Greater than 3 minutes, my friend!
In our last webinar for beginning translators, Una said that there is no secret knowledge that would let you magically start getting clients. And if there were one, somebody would have by all means already divulged it somewhere on the web.
I readily agreed, but this actually got me thinking. What if such secret knowledge exists? Not just for getting clients, but to achieving success in general — whatever “success” means for you.
And I realized that, at least for me, it does.
Back in 2012, my professional situation was pretty much hopeless. For the last three years I’d been working in the Russian office of a German telecom software vendor, and it had gone broke overnight in early April. Luckily, I managed to get some compensation from it before it dissolved into nothingness.
So what do you do when you have no job, most of your past clients have all but forgotten you, and you have just enough money to let your family sustain the next half a year or so? I guess you turn on “fuel economy” and either go looking for a “real job” or start freelancing as hell, taking on any job that comes your way, however boring or low-paid it is, right?
To me, both ways were wrong.
Instead, I used a hefty chunk of the money to buy three one-way tickets to Montenegro and give myself a one-month vacation to get my nerves back to normal and rely on the currents of fortune to bring some solution my way.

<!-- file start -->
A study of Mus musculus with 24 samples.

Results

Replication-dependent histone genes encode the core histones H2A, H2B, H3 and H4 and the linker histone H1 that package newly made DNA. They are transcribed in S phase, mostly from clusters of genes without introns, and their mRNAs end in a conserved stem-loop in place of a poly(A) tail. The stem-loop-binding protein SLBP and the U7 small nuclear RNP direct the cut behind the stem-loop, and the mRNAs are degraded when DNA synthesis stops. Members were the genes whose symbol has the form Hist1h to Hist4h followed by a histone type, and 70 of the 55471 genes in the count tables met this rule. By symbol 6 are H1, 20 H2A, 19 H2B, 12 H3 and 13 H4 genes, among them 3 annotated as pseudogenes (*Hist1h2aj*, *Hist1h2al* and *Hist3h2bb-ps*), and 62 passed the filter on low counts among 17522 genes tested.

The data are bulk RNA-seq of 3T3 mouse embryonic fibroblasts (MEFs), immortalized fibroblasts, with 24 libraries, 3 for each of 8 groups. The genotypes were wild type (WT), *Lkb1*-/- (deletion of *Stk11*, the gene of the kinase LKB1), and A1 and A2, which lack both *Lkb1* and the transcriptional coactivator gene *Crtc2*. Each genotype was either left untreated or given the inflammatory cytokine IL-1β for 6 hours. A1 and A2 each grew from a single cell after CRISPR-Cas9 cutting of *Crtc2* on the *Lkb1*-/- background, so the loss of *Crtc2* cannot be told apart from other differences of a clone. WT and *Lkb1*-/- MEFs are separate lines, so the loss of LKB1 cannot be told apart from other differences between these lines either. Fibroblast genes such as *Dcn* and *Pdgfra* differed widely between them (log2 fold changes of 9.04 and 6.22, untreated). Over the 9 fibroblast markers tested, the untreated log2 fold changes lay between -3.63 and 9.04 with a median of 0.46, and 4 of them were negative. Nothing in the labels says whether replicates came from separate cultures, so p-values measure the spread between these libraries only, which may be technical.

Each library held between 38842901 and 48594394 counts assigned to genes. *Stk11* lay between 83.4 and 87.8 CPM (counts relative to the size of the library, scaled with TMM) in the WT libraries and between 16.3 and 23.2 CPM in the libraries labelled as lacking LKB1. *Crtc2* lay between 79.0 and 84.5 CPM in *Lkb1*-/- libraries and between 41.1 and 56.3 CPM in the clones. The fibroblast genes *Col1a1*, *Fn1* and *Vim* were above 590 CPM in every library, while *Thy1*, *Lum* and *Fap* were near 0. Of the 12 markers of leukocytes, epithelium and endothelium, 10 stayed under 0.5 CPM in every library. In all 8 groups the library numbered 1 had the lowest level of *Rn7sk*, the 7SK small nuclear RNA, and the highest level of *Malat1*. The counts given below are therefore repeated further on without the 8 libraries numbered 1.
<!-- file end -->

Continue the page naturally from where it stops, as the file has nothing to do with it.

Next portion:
Which was a pretty stupid thing to do with no income whatsoever, right?
But somehow I knew it would turn out fine.
After a month, I decided that I would not be going against my principles to never take on work that I don’t feel like doing. So I started searching for jobs that I would love doing.
Given my prolonged absence in the translation world, the search was going on rather slowly. In six months, the money bag had almost depleted, and the monthly income I’d reached by then would have been just enough to live on, but quite unlike the way we would want to.
So what did I do? I just worked on, still somehow knowing that things were going to improve.
On one of those nights, I was translating an excerpt from Russell‘s History of Western Philosophy. The fragment I was working on said, “There is here a reciprocal causation: the circumstances of men’s lives do much to determine their philosophy, but conversely, their philosophy does much to determine their circumstances.”
And that’s when I had a sort of epiphany. In the top right of my CAT tool’s screen there was a button with a question mark. I had pressed this button so many times in the past to suggest new features and improvements that I had — as I later learned — become a household name in the developer’s support team.
But this time I was not going to submit a feature suggestion. I opened the feedback window and typed in, “Guys, are you looking for colleagues maybe?”.
Two weeks later I became a support engineer of that company, and three more months later — its “head of community”.
Today, some half a year later, I am the happiest worker in the world. I continue translating stuff I care about and, more than that, I’m helping other translators find their way in the profession. Everything turned out better than I would have ever dreamt of — and yet somehow I feel I knew it would, all the way.
I have no idea if this happiness will last for long. And I’m not holding onto it as some precious find that will be defining me for times to come.
Somehow, I know — and this is my Secret Knowledge — that everything will work out for the best.
What an irony: We keep looking for the secret knowledge all around. But sometimes, you find it inside.
That’s how I found mine.
And I would gladly share it with you, but I’m afraid — no, I hope — yours lies within you.
The question is, are you ready to find it?
Want more secret knowledge? Check out my blog, Ab HoC!